Lebanon PM Hariri says resignation on hold pending talks
Lebanese Prime Minister Saad Hariri says his resignation is on hold, following a request from President Michel Aoun to wait for more dialogue. Hariri says he is committed to working with the president.
In televised comments quoted by Reuters, Hariri said that he “presented my resignation to President Aoun today and he urged me to wait” for more dialogue. “I showed responsiveness to this hope.”
Speaking to his supporters on Wednesday, Hariri said: “I am staying with you and will continue with you...to be a line of defense for Lebanon, Lebanon's stability, and Lebanon's Arabism.” The comments were made to hundreds of people gathered outside his house in central Beirut, Reuters reported.
Hariri arrived back in Beirut earlier on Wednesday, following his surprise resignation two weeks ago. Hariri’s shock resignation, which took place while he was in Riyadh, prompted many to believe that he was forced to step down due to Saudi pressure, with the assumption that Lebanon had become caught up in the ongoing tensions between Saudi Arabia and Iran.
Aoun refused to accept Hariri's resignation until it is presented in person. Meanwhile, Hariri denied reports that Riyadh forced him to step down. He says the claims that Saudi Arabia was keeping him against his will are merely “rumors.”
To say that I am held up in Saudi Arabia and not allowed to leave the country is a lie. I am on the way to the airport Mr. Sigmar Gabriel.— Saad Hariri (@saadhariri) November 17, 2017
Aoun, however, had been among those who believed Hariri was being “held captive” in Saudi Arabia in an “act of aggression” against Lebanon.
In his resignation speech, Hariri attacked Iran and Hezbollah for spurring conflict in Arab states, and said he feared assassination. This prompted Hezbollah’s leader to accuse Saudi Arabia of declaring war on the group and on Lebanon, claiming Riyadh detained Hariri and forced him to resign in order to destabilize the country.
Hariri did not return straight to Lebanon from Saudi Arabia, instead making stops in Egypt and France. His appearance in Paris came after French President Emmanuel Macron personally invited him and his family to the capital, after speaking by telephone to Hariri and Saudi Crown Prince Mohammed bin Salman.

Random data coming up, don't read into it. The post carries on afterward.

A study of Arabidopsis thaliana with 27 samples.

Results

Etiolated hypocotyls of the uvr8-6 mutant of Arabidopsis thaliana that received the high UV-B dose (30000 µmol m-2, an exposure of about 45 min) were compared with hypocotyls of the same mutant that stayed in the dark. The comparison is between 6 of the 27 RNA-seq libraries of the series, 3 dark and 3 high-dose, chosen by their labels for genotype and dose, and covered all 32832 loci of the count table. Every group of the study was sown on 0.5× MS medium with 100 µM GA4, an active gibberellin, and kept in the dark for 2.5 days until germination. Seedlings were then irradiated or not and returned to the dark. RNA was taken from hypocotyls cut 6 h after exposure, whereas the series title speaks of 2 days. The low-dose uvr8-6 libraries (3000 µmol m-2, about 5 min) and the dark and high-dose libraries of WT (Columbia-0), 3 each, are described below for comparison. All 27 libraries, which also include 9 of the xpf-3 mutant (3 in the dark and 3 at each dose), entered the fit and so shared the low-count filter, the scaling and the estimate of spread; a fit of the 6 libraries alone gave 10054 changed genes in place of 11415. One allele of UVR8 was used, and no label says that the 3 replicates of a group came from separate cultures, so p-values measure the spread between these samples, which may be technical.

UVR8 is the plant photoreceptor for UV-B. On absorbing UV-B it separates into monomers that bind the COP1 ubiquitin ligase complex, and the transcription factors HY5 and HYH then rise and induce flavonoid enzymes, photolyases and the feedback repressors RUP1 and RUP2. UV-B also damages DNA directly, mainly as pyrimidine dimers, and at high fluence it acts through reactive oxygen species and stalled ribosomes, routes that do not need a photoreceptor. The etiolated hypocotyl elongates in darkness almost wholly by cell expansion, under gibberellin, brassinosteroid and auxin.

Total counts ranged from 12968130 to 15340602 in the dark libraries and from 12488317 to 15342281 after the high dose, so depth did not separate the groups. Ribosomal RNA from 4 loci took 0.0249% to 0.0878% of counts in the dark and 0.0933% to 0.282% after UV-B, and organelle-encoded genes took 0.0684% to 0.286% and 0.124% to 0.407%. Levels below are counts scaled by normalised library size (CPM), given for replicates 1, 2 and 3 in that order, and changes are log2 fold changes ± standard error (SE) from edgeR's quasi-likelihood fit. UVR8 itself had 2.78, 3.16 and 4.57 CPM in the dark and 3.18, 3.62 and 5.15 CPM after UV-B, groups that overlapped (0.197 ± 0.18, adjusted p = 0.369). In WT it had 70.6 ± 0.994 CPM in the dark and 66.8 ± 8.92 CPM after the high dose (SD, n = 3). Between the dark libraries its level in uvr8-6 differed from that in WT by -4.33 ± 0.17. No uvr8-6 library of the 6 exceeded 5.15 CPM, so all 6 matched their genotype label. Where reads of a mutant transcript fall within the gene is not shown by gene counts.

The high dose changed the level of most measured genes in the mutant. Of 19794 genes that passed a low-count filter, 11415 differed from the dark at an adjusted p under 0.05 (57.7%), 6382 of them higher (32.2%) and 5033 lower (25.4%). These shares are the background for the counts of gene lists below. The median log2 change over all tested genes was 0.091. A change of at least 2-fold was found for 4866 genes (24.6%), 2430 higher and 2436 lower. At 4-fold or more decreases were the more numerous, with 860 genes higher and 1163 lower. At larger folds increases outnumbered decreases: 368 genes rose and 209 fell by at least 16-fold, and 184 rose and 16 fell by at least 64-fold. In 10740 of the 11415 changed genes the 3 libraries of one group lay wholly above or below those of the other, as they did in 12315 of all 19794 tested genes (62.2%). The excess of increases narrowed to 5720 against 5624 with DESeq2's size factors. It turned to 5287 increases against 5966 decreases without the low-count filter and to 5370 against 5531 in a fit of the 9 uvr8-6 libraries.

During his brief stop in Cairo, Hariri met with Egyptian President Abdel Fattah el-Sisi. The Egyptian side said that Aoun also spoke with Sisi to discuss the situation, with the two leaders underscoring “the importance of preserving Lebanon's stability as well as upholding Lebanon's national interest.”
Following Hariri's comments against Hezbollah, Aoun defended the group. He took it as a chance to address Israeli “aggression,” which he says Lebanon has been subjected to for decades, stressing that his country has the right to protect itself.
On Tuesday, amid a pledge by Arab nations to tighten their grip on Hezbollah, the head of the Lebanese Army asked the military to be at “full readiness” to face the “Israeli enemy” at the southern border. A war between the two sides in 2006 saw the deaths of over 1,000 people, mainly on the Lebanese side, and over 100 Israeli troops killed.
Iran, a Hezbollah ally, and Israel have long been engaged in a war of words, with Tel Aviv seeing the Lebanese group as an existential threat. Meanwhile, Iran is also in a long-standing battle with Saudi Arabia, with the most recent flare-up occurring after Saudi Arabia called on the Arab League to come up with a “non-compromise” solution to deal with Tehran's “aggression” and “disregard for international law.” A statement by the Arab League was slammed by Iran as Saudi “pressure and propaganda.”
In a surprising statement last week, the chief of staff of Israel's military (IDF) told Saudi Arabia's Alaf newspaper that Tel Aviv was ready to share intelligence on Iran with Riyadh, despite the two not having diplomatic relations. He referred to Iran as the “biggest threat to the region,” while stressing that Israel and Saudi Arabia were in full agreement about Iran's intentions.